Four years ago, the WWE wrestling league launched a curious new product: WWE Network.
The network was streamed over-the-top to consumers, featuring all the company’s pay-per-view events live. It was a bold move, and a disruptive one.
Cable operators would charge $50 or more for a single event, sharing revenue with the WWE. The WWE Network cut out the middleman, but at great risk. Would the company’s fans embrace a subscription streaming product so niche?
Four years later, the streaming service now has more than 1.5 million subscribers paying $10 per month. That is a small number compared to streaming giants like Netflix and Hulu, but for a niche service, it puts WWE at the top of the heap, behind only MLB.tv.
On the company’s quarterly earnings call this month, WWE CFO George Barrios addressed the skepticism that the company faced early on. “I think given that today, there's not a media company probably in the world that's not trying to create a social and digital and direct-to-consumer capability, as well as the data capability,” he said. “You don't hear the negativity anymore in the press.”
The company still airs TV shows twice weekly on cable TV, but it has also embarked on a campaign to embrace streaming video beyond the subscription. Last month the company launched an original show on Facebook Watch, “Mixed Match Challenge,” which the company says now has more than six million views. It also claims the second most popular channel on YouTube.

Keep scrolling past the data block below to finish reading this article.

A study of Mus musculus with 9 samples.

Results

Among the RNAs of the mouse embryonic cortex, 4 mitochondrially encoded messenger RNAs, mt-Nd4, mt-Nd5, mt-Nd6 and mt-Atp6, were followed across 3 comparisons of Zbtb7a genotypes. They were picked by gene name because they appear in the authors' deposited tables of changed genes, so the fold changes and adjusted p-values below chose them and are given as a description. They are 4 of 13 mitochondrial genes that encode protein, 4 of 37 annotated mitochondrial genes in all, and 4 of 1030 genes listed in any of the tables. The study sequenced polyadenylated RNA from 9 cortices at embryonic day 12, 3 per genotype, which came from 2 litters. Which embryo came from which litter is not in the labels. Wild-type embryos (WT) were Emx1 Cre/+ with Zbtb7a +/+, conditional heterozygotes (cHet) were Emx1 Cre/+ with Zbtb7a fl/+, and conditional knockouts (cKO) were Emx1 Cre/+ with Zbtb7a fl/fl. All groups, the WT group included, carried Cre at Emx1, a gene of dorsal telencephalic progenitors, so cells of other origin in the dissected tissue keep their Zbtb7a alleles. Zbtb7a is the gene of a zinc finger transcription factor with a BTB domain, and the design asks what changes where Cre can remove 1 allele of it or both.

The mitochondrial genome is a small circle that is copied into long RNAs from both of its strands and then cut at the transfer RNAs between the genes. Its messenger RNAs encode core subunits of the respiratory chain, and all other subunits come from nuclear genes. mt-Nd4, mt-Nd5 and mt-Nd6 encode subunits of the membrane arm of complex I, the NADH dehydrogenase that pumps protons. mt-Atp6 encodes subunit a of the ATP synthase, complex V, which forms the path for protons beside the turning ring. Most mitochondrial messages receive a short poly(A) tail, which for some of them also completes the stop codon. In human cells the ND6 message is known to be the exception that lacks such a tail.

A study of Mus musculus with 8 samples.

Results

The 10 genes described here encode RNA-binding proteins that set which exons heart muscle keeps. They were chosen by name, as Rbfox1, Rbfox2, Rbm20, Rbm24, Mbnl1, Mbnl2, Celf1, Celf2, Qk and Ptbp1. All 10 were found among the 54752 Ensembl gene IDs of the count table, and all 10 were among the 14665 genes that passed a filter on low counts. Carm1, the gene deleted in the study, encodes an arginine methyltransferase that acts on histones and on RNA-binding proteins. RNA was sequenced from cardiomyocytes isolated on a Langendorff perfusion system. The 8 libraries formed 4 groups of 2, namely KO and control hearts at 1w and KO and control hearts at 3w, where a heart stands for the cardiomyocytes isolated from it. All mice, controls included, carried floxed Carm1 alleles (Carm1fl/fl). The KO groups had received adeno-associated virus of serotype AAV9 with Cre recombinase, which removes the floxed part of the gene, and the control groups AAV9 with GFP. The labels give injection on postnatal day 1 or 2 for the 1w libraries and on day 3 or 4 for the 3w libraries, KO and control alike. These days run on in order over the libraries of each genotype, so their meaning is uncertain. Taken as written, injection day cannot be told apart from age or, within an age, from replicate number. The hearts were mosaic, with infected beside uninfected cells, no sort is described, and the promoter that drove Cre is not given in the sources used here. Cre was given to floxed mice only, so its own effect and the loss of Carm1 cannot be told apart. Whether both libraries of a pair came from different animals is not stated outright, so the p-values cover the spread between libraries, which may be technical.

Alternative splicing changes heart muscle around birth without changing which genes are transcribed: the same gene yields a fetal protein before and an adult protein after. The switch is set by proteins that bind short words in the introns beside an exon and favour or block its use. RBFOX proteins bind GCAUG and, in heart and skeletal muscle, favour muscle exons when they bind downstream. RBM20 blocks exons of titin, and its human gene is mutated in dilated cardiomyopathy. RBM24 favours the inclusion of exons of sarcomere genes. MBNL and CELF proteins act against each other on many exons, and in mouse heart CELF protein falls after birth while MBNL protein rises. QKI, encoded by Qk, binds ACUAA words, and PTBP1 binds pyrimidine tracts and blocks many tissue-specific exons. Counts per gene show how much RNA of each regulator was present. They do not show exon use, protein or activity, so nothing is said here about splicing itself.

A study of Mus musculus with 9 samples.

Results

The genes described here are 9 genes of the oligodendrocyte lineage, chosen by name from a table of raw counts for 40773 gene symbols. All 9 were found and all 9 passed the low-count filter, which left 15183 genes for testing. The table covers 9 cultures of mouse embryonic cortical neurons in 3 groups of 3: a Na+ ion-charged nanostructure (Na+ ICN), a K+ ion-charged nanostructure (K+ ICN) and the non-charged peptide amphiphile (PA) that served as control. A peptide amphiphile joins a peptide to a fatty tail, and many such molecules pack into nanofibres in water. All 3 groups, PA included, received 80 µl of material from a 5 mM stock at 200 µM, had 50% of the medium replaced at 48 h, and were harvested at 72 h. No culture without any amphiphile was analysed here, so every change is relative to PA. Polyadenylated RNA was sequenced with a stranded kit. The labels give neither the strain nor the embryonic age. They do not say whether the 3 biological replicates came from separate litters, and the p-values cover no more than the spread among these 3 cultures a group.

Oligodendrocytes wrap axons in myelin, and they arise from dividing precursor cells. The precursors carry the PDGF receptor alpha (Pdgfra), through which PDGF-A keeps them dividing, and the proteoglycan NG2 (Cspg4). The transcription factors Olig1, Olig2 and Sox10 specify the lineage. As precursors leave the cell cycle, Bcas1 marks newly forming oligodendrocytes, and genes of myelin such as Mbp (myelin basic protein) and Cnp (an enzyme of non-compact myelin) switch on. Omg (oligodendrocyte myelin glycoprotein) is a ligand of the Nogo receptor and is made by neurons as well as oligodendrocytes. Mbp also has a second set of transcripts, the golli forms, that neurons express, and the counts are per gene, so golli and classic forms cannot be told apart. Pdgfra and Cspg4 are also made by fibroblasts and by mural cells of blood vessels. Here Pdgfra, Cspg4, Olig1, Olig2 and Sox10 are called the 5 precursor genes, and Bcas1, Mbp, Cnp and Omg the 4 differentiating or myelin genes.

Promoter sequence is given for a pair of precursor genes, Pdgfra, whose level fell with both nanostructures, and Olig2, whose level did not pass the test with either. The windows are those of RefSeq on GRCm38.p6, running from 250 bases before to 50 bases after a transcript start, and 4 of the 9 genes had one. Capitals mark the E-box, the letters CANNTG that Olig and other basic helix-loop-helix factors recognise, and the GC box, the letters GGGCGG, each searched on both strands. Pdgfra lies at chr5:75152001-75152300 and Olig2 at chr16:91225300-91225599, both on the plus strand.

In fact, the company’s success with the network as well as on Facebook and YouTube has led some analysts to speculate that the company’s TV shows could jump to a digital home when the current rights come up for renewal over the next year.
JPMorgan media analysts Alexia Quadrani and David Karnovsky wrote in a research note this month that the company’s Facebook show has engagement “significantly higher than other streamed content,” adding that “we believe digital platforms may place as much emphasis on video engagement as overall reach when selecting content. To the extent Mixed Match Challenge is an experimentation vehicle for WWE and Facebook, we believe the results so far bode well for future partnership ahead.”
If Facebook, Google or Amazon are serious bidders for the company’s “Raw” or “Smackdown” TV franchises, it could push the overall rights fees up, even if a TV partner like NBCUniversal ultimately wins the race.
Barrios was coy about any discussions the WWE has had with tech companies, but the implication was there. Consumers and advertisers are embracing streaming video, and the company’s early bet on streaming, which perplexed analysts in 2014, now sees the company in the driver’s seat.
“'Raw' and 'SmackDown' today is available on YouTube in certain countries around the world, and it has been for some time,” he said. “So [as] we've been monitoring the consumption of long content on digital platforms, more and more of what we're seeing is, people are comfortable watching long-form content as long as it's engaging," he said. "So we'll see what that means into the future."